Three million gallons of sewage, a contaminated river, and Michigan’s water infrastructure woes
Last week, Saginaw Township’s wastewater retention and treatment basins overflowed. After just over two inches of rainfall stressed the outdated sewer infrastructure to its failing point, over three million gallons of partially treated sewage was released into the Tittabawassee River.
E. coli levels in the river were already astronomically high, over seven times the state standard of 300 organisms per 100 mL of water. The influx of three million gallons of sewage brought E. coli levels in the river up to nearly eight times the state standard. The Tittabawassee River meets the Saginaw River just south of Saginaw Bay, where it flows into Lake Huron and contributes to the fact that the Great Lakes region has the biggest E. coli problem of any coastal region in the United States.
Recently, the Great Lakes Commission released an action plan for water infrastructure improvements across the Great Lakes region to address our growing E. coli problem. The plan calls for Michigan to invest $17.1 billion over the next 20 years in desperately needed water infrastructure updates and repairs. If we really want to believe the “Pure Michigan” hype, it is past time for our elected leaders in Lansing to address our crumbling water infrastructure.
The Saginaw Township wastewater treatment plant is not alone. Residents of southeast Michigan will surely remember the torrential storm in August 2014, which resulted in flooded basements, and over 10 billion gallons of raw and partially treated sewage overflowing into our lakes and rivers. With businesses that rely on clean water for their daily operations providing roughly 21% of the jobs in Michigan, and our water quality declining across the state, we have an urgent need to address this problem.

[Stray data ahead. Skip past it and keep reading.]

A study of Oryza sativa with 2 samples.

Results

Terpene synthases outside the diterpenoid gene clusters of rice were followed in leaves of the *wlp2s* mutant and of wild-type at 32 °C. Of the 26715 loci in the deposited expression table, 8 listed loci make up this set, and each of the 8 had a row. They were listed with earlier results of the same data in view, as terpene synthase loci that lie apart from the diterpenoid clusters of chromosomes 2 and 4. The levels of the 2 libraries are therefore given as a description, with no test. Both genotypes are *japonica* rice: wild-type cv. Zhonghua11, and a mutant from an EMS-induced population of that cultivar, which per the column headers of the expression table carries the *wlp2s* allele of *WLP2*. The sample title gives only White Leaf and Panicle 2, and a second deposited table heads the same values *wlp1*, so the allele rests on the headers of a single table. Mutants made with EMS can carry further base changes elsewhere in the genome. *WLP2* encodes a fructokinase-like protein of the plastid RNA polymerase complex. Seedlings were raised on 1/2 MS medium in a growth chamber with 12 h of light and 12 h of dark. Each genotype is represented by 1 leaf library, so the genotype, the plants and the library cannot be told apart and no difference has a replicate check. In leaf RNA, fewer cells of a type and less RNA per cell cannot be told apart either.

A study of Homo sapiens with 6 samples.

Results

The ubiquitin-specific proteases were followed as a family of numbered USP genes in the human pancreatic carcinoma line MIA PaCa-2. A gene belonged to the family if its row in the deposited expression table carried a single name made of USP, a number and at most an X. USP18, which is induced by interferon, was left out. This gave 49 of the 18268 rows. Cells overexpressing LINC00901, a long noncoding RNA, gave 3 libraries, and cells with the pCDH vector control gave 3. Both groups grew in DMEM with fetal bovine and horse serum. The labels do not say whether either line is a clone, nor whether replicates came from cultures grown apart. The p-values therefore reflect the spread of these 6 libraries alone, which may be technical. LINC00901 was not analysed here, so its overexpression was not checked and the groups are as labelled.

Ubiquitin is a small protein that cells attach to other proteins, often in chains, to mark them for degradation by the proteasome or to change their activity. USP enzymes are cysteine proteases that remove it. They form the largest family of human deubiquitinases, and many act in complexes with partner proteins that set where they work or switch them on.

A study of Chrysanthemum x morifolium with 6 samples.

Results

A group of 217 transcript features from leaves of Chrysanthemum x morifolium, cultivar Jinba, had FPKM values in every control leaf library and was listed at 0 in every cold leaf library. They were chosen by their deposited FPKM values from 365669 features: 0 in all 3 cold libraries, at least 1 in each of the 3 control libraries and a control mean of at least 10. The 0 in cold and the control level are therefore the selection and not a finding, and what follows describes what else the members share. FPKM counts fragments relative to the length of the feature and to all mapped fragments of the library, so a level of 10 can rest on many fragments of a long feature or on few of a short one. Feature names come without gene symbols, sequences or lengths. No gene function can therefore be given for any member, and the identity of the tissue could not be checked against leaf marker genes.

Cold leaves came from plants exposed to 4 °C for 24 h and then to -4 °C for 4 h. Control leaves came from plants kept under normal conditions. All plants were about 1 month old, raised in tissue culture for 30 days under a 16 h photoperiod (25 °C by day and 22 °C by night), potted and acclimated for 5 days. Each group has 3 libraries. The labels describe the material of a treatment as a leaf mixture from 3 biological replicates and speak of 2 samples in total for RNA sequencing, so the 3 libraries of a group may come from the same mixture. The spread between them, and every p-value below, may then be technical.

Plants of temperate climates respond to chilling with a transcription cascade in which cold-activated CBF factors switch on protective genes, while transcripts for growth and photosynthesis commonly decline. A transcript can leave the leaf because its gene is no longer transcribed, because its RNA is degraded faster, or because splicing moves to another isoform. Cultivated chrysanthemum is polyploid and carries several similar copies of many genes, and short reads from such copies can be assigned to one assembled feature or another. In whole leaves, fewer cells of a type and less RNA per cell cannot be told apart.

Governor Snyder’s 21st Century Infrastructure Commission has reported that Michigan needs an additional $500 million annually to maintain and improve wastewater infrastructure. It does not appear likely that the state legislature will be addressing this issue before the 2018 election. Any funding options that have been proposed would only be a drop in the bucket compared to the overall need. The solution is clear- we need to raise taxes on the corporations and wealthy individuals who received huge tax cuts in 2011, and use that money to repair and replace our outdated water infrastructure.
Clean Water Action will be co-hosting a town hall on water infrastructure issues with the Oakland County Water Resources Commission, and the Oakland County Health Department on Monday, November 20th, 6-8 PM at the Cranbrook Institute of Science. Click here to RSVP today!